Friday, 4 July 2014

Review: The One by Keira Cass

The Selection changed the lives of thirty-five girls forever. Now, only one will claim Prince Maxon’s heart…
For the four girls who remain at the palace, the friendships they’ve formed, rivalries they’ve struggled with and dangers they’ve faced have bound them to each other for the rest of their lives.
Now, the time has come for one winner to be chosen.
America never dreamed she would find herself anywhere close to the crown – or to Prince Maxon’s heart. But as the competition approaches its end and the threats outside the palace walls grow more vicious, America realises just how much she stands to lose – and how hard she’ll have to fight for the future she wants.

Oh this series. It's one of those ones that if I think too hard about what I'm reading I have to stop, because there is so much wrong with this series, yet at the same time it is weirdly addictive...

The series had a lot of potential, but it falls into the trap of so many cliches that really it never stood a chance. The girls are all one dimensional, the drama is all one dimensional, and don't even get me started on the love triangle. America comes across as the sort of girl who would fall apart if she didn't have one of these boys to fawn over, which is incredibly irritating. I want strong heroines. Now that doesn't mean that they don't have to want to have a partner, but at least give them something that makes them their own individual person, not have their desire for one of the inevitable two boys vying for their attention be the only feature about them.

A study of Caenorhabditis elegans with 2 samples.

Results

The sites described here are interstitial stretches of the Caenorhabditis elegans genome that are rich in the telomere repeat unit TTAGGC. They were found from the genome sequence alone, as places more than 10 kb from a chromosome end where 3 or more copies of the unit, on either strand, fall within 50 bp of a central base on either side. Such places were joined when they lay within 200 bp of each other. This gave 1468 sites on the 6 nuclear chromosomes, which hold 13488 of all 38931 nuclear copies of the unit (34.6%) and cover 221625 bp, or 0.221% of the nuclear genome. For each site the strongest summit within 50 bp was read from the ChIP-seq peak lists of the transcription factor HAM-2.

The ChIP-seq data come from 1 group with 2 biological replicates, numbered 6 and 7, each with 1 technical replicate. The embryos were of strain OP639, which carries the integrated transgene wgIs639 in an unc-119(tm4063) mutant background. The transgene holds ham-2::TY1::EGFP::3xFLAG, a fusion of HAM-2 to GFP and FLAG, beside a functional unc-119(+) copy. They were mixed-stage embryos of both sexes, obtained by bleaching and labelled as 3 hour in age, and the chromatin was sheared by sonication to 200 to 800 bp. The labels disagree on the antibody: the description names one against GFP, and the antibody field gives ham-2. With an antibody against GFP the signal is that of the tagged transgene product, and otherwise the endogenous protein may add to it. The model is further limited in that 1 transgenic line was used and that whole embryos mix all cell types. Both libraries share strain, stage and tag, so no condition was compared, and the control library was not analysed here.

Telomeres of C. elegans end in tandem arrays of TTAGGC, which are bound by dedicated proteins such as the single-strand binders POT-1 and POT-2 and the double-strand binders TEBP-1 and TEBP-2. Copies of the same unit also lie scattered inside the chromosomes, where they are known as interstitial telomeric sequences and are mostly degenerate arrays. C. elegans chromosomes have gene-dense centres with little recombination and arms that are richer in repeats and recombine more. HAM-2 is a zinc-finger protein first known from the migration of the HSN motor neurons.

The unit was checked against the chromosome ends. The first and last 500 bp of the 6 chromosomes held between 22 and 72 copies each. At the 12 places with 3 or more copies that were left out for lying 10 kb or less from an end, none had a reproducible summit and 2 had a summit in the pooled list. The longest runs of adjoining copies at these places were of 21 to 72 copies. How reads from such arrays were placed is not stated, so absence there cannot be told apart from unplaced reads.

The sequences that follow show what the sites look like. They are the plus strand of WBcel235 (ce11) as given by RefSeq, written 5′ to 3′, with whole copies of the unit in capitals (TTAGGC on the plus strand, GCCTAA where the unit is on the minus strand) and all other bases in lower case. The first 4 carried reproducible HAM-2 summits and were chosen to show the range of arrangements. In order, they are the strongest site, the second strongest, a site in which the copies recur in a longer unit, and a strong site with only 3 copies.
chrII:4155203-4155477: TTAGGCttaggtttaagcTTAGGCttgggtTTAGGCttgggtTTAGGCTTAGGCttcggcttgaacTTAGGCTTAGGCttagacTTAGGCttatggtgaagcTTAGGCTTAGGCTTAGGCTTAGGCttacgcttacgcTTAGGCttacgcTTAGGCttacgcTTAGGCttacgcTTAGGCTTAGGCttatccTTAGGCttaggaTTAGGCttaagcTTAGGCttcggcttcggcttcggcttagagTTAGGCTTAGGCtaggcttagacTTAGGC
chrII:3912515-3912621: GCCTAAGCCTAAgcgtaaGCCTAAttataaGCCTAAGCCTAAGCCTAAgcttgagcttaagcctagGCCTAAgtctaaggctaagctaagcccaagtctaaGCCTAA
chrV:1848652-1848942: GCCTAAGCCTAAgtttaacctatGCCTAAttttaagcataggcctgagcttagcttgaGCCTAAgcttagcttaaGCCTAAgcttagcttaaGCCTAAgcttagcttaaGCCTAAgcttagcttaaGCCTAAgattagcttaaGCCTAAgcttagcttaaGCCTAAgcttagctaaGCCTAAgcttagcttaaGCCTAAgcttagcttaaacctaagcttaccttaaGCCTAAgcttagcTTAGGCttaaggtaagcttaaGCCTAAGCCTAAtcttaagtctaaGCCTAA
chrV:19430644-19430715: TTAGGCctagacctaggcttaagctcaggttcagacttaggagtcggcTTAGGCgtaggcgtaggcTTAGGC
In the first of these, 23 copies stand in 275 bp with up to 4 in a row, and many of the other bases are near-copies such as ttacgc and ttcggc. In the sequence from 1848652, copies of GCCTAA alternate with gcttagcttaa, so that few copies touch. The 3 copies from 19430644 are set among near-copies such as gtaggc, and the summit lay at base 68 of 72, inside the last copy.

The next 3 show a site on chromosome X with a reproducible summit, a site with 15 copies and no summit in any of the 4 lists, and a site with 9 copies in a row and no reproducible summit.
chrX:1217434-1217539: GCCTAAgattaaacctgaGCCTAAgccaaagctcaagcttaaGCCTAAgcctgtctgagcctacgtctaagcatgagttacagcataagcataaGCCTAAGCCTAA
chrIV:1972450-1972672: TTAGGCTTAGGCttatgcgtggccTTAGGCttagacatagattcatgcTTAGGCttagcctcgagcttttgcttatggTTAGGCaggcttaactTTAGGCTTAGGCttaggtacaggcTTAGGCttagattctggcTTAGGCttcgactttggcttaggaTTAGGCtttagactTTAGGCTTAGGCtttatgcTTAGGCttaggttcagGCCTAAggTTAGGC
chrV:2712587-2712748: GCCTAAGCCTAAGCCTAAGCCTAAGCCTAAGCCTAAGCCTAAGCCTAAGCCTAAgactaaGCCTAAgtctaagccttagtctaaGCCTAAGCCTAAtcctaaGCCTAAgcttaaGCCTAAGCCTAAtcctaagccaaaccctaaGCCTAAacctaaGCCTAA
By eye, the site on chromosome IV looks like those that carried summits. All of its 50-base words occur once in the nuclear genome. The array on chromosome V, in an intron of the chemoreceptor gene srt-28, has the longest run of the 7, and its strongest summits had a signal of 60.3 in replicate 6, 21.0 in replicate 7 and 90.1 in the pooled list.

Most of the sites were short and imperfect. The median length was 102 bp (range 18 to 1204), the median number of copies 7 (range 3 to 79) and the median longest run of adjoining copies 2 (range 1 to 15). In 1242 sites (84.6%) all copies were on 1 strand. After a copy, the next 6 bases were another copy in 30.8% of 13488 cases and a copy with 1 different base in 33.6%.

So yes, incredible irritation at the love triangle, and the terrible depiction of these girls as on the whole being vapid and one dimensional creatures that wouldn't survive without a man to prop them up. But at the same time, it's kind of compelling. If you asked me what made me keep reading this series, it would be quite hard to pin down, but there is just something that redeems these books. I just have no idea what...

The plot has so much potential, but is never fully realised, although it is great to finally see all these threads that have been set up in the first two books finally come together into quite an explosive finale.
And again, America could be a brilliant heroine if she could just stop stringing these two boys along. It's incredibly frustrating to read, particularly towards the end when she doesn't want to let go of Aspen based purely because she doesn't want to risk being on her own if Maxon doesn't pick her. All in all it is a mixed bag for the final installment in the series. Yes it's got some fast paced action and some brilliant moments, but it is also incredibly frustrating for the love triangle and wasted brilliance.

So if you enjoyed the first two books I definitely recommend picking up 'The One', and if you are desperate for some light fluffy (and highly irritating love triangle) action based in a castle where you can pretend to feel like a Princess along with the chosen girls, then try 'The Selection' and see what you make of the series.